BUSINESS AND INTERNATIONAL CONTEXT FOR EVENTS - 2019/0
Module code: MAN1096
This is an introductory module to the business and international world of events. It is designed to familiarise all students with the industry. It provides general underpinning knowledge relevant to all event modules. It will include an introduction to the nature of events, reviewing the range, type and characteristics of events, understanding of the main providers and the role events play in society. It will consider the nature of event demand, the motivation and the impact of events. It will also consider workforce skills by including the Industry Practice Component (IPC)– an encouragement and desire for students to gain 400-600 hours industry practice before the end of Year 2.
Hospitality & Tourism Management
LUNDBERG C Dr (Hosp & Tour)
Number of Credits: 15
ECTS Credits: 7.5
Framework: FHEQ Level 4
JACs code: N213
Module cap (Maximum number of students): N/A
Prerequisites / Co-requisites
Indicative content includes:
Definition and dimensions of events
Business and International context of the industry
Establishing the role of events and venues Principles and theories of event management
Event demands, needs and motivations
The impact of events
Events, public policy and trade associations
Event workforce skills and knowledge
|Assessment type||Unit of assessment||Weighting|
|Coursework||INDIVIDUAL ESSAY (1500 WORDS)||30|
|Project (Group/Individual/Dissertation)||GROUP PROJECT (2000 WORDS)||70|
In cases where the original group project is not suitable for re-assessment (e.g., only one student needs to retake the failed group project), an individual essay of 1000 words will be assigned.
The assessment strategy is designed to provide students with the opportunity to demonstrate a comprehensive and accurate understanding of the events sector and the management of events in society
The assessment for this module consists of: a) a discussion essay aimed at assessing the students’ understanding of key concepts, issues and trends in several areas of event management; b) a small group project designed to encourage students to further explore aspects of the business of events through working with their peers. Each student group will submit a written report of 2000 words. Both formative feedback and summative feedback will be provided on the project.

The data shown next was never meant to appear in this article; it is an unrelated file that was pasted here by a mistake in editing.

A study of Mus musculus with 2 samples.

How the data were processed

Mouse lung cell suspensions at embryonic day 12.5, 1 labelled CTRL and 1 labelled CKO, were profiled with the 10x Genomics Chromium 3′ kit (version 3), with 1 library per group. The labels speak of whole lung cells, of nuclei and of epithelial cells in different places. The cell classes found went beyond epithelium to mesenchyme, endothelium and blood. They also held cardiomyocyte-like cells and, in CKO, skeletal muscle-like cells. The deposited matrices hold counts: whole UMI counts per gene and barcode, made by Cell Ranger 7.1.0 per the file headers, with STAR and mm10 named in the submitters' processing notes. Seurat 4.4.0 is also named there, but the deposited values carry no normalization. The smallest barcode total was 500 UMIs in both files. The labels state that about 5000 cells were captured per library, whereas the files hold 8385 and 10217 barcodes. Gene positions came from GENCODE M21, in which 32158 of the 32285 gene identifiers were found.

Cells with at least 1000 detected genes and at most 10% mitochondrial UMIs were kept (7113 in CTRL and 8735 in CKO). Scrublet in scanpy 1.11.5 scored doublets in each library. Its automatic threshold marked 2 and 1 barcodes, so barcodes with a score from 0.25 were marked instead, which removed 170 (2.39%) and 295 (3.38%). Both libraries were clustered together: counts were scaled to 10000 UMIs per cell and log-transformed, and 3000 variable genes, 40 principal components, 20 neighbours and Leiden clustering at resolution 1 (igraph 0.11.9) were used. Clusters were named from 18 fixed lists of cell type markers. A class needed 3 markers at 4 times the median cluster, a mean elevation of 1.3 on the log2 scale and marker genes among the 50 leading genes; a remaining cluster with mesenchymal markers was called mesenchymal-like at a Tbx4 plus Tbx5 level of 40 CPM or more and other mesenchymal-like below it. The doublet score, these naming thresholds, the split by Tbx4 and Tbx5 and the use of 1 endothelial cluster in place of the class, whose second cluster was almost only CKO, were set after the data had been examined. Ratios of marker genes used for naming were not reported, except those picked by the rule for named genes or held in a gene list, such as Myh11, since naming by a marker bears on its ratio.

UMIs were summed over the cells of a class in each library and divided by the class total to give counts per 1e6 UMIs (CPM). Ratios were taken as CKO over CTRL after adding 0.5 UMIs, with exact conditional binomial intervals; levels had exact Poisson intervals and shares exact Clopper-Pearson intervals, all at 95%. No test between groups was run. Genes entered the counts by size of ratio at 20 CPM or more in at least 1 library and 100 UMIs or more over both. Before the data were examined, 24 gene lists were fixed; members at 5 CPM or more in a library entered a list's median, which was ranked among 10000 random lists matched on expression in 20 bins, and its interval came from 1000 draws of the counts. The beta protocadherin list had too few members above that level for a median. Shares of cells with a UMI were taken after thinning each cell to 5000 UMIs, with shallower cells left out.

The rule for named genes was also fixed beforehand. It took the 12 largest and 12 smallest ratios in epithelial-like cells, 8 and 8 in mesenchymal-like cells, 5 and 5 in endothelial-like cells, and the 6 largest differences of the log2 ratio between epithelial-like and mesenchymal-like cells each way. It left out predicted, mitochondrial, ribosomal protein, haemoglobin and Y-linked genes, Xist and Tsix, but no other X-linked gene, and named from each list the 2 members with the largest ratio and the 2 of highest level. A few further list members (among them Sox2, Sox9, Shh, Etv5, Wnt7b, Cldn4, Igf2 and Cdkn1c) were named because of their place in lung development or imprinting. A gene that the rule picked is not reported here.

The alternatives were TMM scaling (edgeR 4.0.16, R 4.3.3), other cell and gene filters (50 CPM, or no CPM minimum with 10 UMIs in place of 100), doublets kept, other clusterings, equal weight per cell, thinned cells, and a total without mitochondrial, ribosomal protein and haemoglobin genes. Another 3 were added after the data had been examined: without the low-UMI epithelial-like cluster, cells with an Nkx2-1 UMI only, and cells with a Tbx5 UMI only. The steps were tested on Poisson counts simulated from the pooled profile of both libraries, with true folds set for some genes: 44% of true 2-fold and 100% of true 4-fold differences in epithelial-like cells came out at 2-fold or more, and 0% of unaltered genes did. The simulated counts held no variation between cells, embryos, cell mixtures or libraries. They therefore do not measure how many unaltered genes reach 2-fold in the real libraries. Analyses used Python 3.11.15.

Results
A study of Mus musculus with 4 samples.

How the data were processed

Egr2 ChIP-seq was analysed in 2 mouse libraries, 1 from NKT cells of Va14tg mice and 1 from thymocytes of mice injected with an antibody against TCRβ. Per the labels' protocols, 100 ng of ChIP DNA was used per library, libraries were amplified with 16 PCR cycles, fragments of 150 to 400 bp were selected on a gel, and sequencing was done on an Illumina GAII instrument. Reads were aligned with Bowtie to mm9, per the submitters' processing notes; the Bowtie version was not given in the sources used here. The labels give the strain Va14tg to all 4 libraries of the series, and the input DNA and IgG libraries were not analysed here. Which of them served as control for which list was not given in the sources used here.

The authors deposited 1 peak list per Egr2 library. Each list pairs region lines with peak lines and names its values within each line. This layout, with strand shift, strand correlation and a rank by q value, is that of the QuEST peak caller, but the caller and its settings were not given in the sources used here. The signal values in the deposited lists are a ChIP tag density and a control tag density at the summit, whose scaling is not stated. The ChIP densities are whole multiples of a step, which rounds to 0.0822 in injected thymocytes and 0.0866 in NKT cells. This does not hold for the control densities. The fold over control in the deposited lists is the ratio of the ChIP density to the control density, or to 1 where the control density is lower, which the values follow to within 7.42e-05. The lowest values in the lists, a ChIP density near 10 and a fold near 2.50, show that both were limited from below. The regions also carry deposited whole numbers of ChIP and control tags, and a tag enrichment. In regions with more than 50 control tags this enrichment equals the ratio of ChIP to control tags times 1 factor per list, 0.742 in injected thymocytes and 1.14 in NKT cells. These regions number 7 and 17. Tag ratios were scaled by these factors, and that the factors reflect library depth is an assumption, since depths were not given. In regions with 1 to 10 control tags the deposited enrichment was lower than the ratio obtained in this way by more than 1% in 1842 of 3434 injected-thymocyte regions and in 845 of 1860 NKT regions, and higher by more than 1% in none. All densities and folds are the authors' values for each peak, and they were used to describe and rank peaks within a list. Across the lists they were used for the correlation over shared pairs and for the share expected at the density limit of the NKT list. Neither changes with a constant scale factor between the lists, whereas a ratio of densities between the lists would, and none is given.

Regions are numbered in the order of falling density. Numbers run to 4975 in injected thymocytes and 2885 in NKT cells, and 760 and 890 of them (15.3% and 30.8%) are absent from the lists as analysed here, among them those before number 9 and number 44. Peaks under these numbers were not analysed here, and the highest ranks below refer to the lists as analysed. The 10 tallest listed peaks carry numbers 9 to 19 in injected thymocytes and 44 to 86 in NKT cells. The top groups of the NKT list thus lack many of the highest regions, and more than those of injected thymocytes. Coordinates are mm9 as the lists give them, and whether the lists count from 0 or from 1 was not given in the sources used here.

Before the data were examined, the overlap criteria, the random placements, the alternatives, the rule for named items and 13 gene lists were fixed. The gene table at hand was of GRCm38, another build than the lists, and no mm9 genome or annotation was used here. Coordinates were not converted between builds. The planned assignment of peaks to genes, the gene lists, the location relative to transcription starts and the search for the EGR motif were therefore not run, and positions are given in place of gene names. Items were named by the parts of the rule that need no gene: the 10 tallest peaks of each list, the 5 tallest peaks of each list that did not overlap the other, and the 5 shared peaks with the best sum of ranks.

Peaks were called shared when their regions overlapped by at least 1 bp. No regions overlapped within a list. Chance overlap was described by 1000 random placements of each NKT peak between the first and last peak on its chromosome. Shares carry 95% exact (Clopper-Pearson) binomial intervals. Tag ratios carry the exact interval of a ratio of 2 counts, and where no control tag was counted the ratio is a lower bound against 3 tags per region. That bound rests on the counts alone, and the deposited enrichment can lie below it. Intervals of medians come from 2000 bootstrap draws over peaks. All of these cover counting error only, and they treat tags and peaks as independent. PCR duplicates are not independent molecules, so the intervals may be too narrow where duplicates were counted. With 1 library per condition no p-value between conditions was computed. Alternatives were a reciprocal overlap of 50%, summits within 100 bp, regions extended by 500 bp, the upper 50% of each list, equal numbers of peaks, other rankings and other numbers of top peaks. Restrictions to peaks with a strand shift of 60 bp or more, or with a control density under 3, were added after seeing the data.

Students receive feedback throughout the semester via face to face teaching which will support them to complete the assessments.
- Introduce the business of events
- Classify a range of event types and their particular characteristics
- Identify the nature of demand, motivation and impact of events
- Introduce workforce skills and entry into industry practice
|1||Outline the main features of events, events management and the event sector||KC|
|2||Describe and understand the key features required in the events workforce||PT|
|3||Give examples of the demand and motivation for events||C|
C - Cognitive/analytical
K - Subject knowledge
T - Transferable skills
P - Professional/Practical skills
Overall student workload
Independent Study Hours: 117
Lecture Hours: 22
Tutorial Hours: 11
Methods of Teaching / Learning
The teaching and learning strategy is designed to provide students with key information about events in society, event characteristics, event sectors, and working in events and to encourage them to explore and evaluate the major characteristics and challenges of the event business.
The teaching and learning methods include lectures designed to provide a framework of knowledge; exercises to provide opportunities for students to gather and interpret their own material; and tasks to challenge their thinking. Lectures are three hours each on a weekly basis, and relevant case studies and in-class discussions are integrated into the lectures.
One lecture is scheduled every week for 11 weeks, plus a two hour seminar session.
Indicated Lecture Hours (which may also include seminars, tutorials, workshops and other contact time) are approximate and may include in-class tests where one or more of these are an assessment on the module. In-class tests are scheduled/organised separately to taught content and will be published on to student personal timetables, where they apply to taken modules, as soon as they are finalised by central administration. This will usually be after the initial publication of the teaching timetable for the relevant semester.
Reading list for BUSINESS AND INTERNATIONAL CONTEXT FOR EVENTS : http://aspire.surrey.ac.uk/modules/man1096
Please note that the information detailed within this record is accurate at the time of publishing and may be subject to change. This record contains information for the most up to date version of the programme / module for the 2019/0 academic year.